In the maturing digital media adapter market, there’s a brand new axiom: less is more. The Netflix Player by Roku has just one main feature and no extra frills. Yet for those who want one-click access to movies, there is no better option—and the device will likely only get better with time.
Design and Setup
In a brilliant design decision, the diminutive player–which is no bigger than an average hand and weighs just a half a pound—works with your existing Netflix account. If you do not use Netflix, you have to sign up for at least the basic account with which you get one DVD in the mail for $8.99 per month. There are no other charges beyond the $99.99 purchase price for the box itself. Also, setting up the player through Netflix.com is ultra-simple. The on-screen user interface is very bland but functional. While not nearly as sexy as the Apple TV or Vudu, the Roku delivers your videos fast. The remote, while lacking Vudu’s intuitive scroll wheel, is just as easy to use, and provides basic play/pause/scan functions. Instead of an actual fast-forward or rewind, though, you skip ahead or in reverse, scrolling through thumbnails that look like scenes on a DVD.
Instead of downloading movies to a local hard disk à la Vudu or Apple TV, the Netflix Player streams them over either a wired or wireless Internet connection. To select a movie to watch, navigate to Netflix.com on your notebook and click Watch Instantly. Hover your mouse next to the Play button of any movie you want to add, and then click Add to Instant Queue. The selected title will then appear on the Roku device. We plugged in one HDMI cable, turned on the player, connected it to our Wi-Fi network, typed in a code on our laptop, and were watching a movie before the popcorn was ready. It was the fastest setup we’ve experienced with a Wi-Fi device.
One minor gripe: the player doesn’t actually play high-def movies, even though the 1080p-capable HDMI port hints at (and Roku confirmed) a future quality upgrade to HD. Also, the player does not let you stream movies housed on your PC, listen to music or view photos, access the Internet or YouTube.com, or really do anything but watch movies and TV shows from Netflix. That might seem limiting at first, but when you are relaxing in the living room, the simplicity is a plus.
The Netflix Player also works with such standard-def connections as S-Video and composite. The player comes with composite cables, but Roku also offers an HDMI, component, and Optical Audio cable bundle for $19.99.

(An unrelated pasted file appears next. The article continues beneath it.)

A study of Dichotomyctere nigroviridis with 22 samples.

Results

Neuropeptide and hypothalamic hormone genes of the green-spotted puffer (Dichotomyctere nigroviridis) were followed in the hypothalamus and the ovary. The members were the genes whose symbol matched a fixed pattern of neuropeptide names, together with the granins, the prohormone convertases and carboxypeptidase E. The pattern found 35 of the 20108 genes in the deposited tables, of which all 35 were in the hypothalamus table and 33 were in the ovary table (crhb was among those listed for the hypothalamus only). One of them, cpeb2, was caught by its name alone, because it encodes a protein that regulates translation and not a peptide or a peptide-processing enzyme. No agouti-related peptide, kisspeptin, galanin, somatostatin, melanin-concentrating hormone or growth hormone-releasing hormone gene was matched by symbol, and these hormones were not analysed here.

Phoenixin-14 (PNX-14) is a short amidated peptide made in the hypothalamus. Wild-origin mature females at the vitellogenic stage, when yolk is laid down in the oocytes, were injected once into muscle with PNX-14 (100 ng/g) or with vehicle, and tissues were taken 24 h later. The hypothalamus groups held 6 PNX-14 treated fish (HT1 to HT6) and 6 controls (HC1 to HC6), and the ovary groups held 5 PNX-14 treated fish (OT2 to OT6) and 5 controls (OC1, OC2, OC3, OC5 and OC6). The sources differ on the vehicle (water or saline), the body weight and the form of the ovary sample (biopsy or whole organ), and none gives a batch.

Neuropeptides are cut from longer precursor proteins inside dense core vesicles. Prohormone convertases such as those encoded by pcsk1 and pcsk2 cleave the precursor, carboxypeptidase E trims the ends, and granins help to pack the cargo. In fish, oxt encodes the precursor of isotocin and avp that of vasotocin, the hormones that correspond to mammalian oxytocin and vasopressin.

Performance: Better than Expected
While they may not be high-def, the movies on the Netflix Player stream at a high, very watchable 2.2-Mbps bitrate. We geeked out to an entire season of Heroes and could hardly tell the difference between the stream and a 1080i version we tested on Dish Network’s ViP622 HD-DVR. There was no jittering or pausing during playback, and the stream even compared favorably to the Blu-ray version of 300 played on a Sony PlayStation 3. The picture on Apple TV looks just a bit grainier for most movies, even a few of their HD videos.
So how is this possible? Roku uses a powerful codec to stream movies with good color quality, high sharpness, and 2-channel audio to save bandwidth. At the lowest quality setting, to accomodate a slow 700-Kbps connection, movies looked blurry and dark, as we expected. The player supports 802.11g, not 802.11n, but Wi-Fi speed is not nearly as important as Internet connection speed.
Movie Selection: Hit or Miss
Unfortunately, the Netflix Player’s one major drawback is its movie and TV-show selection, which matches the Watch Instantly feature at Netflix.com. When we reviewed the player, only 10,000 videos were available, and most of them were indie releases or older movies. The only new major Hollywood release we found was Before the Devil Knows You’re Dead. You’ll find entire seasons of shows such as The Office and Weeds, but not recent seasons. Even the older movies are sub-standard: Kevin Costner’s The Postman, is in the top five of the Top Movie list. Ahem.
For now, we prefer the $299 Vudu for its much larger selection of current movies and TV shows, and the Apple TV (starting at $229) because it does so much more than movies. Still, for $99.99, the Roku Netflix Player does what it sets out to do and does it well. If Netflix cracks open the floodgates on its 100,000-movie archive, this player will become a must-buy.